The University of New England, with a campus in Biddeford, will receive $999,917 in grant funding to educate and train primary care and supportive care workforces to provide age-friendly and dementia-friendly care for older adults. This funding is awarded through the Health Resources and Services Administration’s (HRSA) Fiscal Year 2024 Geriatric Workforce Enhancement Program (GWEP), and will support the GWEP at UNE, known as AgingME.

Maine Senator Susan Collins was instrumental in providing the funding that will benefit UNE’s AgingME program. She authored the Geriatrics Workforce Improvement Act in 2019, legislation which received bipartisan support and that reauthorized the GWEP for five years to increase the number of geriatric health professionals to support the nation’s aging population. This legislation was signed into law in March 2020 as part of the Coronavirus Aid, Relief, and Economic Security Act, or the CARES Act.

“For Maine, with an aging population of more than a quarter million Mainers over the age of 65, and less than 40 practicing geriatricians, there is an acute need to quickly train more geriatric health professionals to meet the growing demand,” said Collins. “I will continue to support efforts to expand training and educational opportunities in geriatrics, helping to develop a high-quality geriatric workforce ready to provide care for Americans.”

“I’m thrilled and grateful to lead this opportunity from HRSA to tackle workforce needs to better support Maine’s rural, older adults,” said Susan Wehry, MD, director of AgingME. “Over the next five years, in partnership with Maine’s Area Health Education Center (AHEC) and the University of Maine’s Center on Aging, UNE’s College of Osteopathic Medicine and the Center for Excellence in Public Health will focus on the direct care workforce and rural education with new and innovative strategies.”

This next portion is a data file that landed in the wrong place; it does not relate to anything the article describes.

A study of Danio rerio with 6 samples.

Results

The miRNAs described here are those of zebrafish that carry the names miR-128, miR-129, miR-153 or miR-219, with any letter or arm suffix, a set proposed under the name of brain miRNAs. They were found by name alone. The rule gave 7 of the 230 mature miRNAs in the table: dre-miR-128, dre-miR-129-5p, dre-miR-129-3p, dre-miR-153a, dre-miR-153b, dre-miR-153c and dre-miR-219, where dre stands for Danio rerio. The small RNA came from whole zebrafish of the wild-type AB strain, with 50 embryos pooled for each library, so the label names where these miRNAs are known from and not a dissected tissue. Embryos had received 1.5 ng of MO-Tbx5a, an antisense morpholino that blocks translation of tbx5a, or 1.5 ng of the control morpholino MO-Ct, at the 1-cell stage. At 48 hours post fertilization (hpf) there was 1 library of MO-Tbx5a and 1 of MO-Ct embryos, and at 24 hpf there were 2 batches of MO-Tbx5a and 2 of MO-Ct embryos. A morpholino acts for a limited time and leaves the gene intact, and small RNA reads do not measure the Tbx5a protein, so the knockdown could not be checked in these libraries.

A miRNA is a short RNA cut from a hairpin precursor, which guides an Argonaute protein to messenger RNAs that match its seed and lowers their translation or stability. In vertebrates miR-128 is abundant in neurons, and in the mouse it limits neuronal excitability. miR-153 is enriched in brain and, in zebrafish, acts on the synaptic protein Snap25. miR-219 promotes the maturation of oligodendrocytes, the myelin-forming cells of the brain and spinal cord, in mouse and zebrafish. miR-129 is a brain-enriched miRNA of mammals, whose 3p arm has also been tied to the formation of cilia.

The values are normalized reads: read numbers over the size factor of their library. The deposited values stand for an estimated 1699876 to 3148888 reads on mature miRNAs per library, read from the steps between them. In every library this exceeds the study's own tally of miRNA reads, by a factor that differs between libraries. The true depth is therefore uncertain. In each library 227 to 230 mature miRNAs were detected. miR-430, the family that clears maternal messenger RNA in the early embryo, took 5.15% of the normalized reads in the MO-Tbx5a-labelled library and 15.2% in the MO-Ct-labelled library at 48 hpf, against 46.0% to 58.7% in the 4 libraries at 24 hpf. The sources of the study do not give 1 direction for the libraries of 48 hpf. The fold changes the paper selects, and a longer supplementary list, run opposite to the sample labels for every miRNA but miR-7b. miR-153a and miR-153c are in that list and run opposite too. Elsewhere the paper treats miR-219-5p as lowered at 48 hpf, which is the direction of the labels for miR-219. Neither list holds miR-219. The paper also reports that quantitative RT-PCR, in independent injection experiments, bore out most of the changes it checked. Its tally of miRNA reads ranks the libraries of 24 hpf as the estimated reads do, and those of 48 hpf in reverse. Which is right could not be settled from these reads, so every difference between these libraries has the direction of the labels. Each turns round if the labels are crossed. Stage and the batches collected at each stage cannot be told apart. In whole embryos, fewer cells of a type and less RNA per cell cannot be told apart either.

Currently, there are fewer than 7,300 physicians that are board-certified geriatricians, which is fewer than 1% of all physicians. According to the American Geriatrics Society, the United States needs to train approximately 20,000 geriatricians to staff up for the country’s needs now and even more are needed — as many as 30,000 by 2030 — to meet the needs of our aging population.

As a member and now vice chair of the Senate Appropriations Committee, Collins has secured funding to grow HRSA’s Geriatric workforce education programs, including the Geriatrics Workforce Enhancement Program and Geriatric Academic Career Awards. The fiscal year (FY) 2024 appropriations law provides $48.2 million for HRSA Geriatric workforce education programs, an increase of $1 million over FY 2023 enacted.

GWEP is the only federally funded program that exists to educate and train health care professionals in geriatrics. Research suggests geriatricians more effectively manage older patients’ care. HRSA has awarded funding to 42 grantees as part of the FY 2024 Geriatric Workforce Enhancement Program, including the GWEP program at UNE. GWEP programs help integrate geriatrics into primary care, train providers to address the needs of older adults, deliver community-based programs, and provide Alzheimer’s disease education.